Wilhelm Frederking & Willy Schulz

C.Rockefeller Center for Contemporary Arts
Dresden, Germany
16.05. – 29.05.2024
Photos: © Felix Adler 
Paintings, wallpaper design: Wilhelm Frederking 
Used photos for wallpaper: Catalina Rammirez Venegas 
Object, sculpture, plane, text: Willy Schulz


Alabaster plays a fascinating role in the history of art. It has been used for masterful sculptures since antiquity, from the elegant statues of ancient Egypt to the refined altarpieces of the Middle Ages. Its soft texture allowed for intricate details and its translucency gave the works a special shine. Alabaster was often used in sacred contexts and contributed to the dissemination of religious iconography, while also serving as an expression of luxury and sophistication, particularly in the Renaissance and later periods.
In the duo exhibition “Alabaster” at the C. Rockefeller Center for Contemporary Arts Dresden, artists Willy Schulz and Wilhelm Frederking present a fascinating synthesis of conceptual art and painting. Frederking immerses himself in past worlds in his large-format paintings by transforming historical artifacts into monumental presences. In doing so, he challenges the conventions of history and art and encourages reflection on Eurocentric perspectives. Frederking's fascination with lost worlds is particularly remarkable, manifesting itself in his works and inviting the viewer to rediscover lost histories and contexts.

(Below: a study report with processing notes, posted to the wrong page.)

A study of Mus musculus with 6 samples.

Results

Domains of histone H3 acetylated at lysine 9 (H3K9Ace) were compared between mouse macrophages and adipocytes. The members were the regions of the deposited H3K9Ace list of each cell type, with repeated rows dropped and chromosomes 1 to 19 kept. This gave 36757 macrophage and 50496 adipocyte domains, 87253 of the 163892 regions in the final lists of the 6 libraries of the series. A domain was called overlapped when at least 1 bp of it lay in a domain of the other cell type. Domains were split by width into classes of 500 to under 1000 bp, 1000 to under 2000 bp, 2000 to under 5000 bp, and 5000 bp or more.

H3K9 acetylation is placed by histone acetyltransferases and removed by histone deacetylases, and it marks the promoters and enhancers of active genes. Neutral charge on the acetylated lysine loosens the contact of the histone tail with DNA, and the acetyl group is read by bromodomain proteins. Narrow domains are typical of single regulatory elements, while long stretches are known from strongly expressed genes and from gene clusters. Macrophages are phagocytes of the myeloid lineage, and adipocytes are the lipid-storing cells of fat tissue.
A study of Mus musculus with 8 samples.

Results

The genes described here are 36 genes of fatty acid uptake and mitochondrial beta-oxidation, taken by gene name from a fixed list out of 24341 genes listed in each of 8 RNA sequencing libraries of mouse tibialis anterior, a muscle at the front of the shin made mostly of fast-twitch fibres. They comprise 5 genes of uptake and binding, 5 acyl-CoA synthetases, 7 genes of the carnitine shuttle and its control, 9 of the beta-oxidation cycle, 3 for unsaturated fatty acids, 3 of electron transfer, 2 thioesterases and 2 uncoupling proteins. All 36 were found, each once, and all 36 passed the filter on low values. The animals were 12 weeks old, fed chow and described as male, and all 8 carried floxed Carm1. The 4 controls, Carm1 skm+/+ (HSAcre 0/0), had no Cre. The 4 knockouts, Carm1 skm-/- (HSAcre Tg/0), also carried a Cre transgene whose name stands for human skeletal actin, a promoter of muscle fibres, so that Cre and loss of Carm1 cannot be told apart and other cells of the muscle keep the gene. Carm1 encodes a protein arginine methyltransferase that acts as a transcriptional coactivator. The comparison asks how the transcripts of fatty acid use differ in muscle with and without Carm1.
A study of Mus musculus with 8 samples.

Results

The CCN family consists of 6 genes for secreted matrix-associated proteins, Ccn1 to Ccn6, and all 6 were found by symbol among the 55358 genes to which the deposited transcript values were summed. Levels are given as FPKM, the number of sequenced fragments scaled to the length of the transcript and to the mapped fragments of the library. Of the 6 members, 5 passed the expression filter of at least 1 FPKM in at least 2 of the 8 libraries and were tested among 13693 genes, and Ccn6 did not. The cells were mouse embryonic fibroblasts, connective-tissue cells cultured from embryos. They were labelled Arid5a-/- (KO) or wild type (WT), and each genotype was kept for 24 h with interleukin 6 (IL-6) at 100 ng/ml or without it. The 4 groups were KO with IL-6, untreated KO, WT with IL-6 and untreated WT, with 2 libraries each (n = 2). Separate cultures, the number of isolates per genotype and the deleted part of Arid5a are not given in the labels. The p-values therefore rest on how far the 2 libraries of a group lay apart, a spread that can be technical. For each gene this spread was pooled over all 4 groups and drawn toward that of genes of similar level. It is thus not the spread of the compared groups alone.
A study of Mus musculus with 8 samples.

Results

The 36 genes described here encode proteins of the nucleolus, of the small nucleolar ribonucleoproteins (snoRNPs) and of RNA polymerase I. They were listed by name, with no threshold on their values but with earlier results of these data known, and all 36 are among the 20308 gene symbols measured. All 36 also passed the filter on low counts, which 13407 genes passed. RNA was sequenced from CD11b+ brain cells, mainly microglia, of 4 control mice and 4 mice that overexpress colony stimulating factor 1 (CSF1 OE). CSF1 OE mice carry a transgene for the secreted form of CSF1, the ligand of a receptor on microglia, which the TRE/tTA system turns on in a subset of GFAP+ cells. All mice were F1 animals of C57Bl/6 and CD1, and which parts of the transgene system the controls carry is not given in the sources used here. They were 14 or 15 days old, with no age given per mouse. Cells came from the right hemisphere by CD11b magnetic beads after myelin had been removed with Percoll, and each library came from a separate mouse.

Willy Schulz, on the other hand, explores the complexity of everyday life and the limits of materiality in his sculptures and installations. His works emerge from an unpredictable process that interweaves intuition and social observation. Schulz translates the everyday into new contexts, creating unexpected connections between objects and viewers. Through the ingenious use of synthetic resins and pigments, he lends his works an illusionary quality that oscillates between refinement and robustness and turns the surface of the sculptures into a mirror of our own perception.
“Alabaster” invites us to see the world through the eyes of Schulz and Frederking, two artists whose works not only appeal to our senses, but also challenge our minds and expand our ideas of the past, present and future.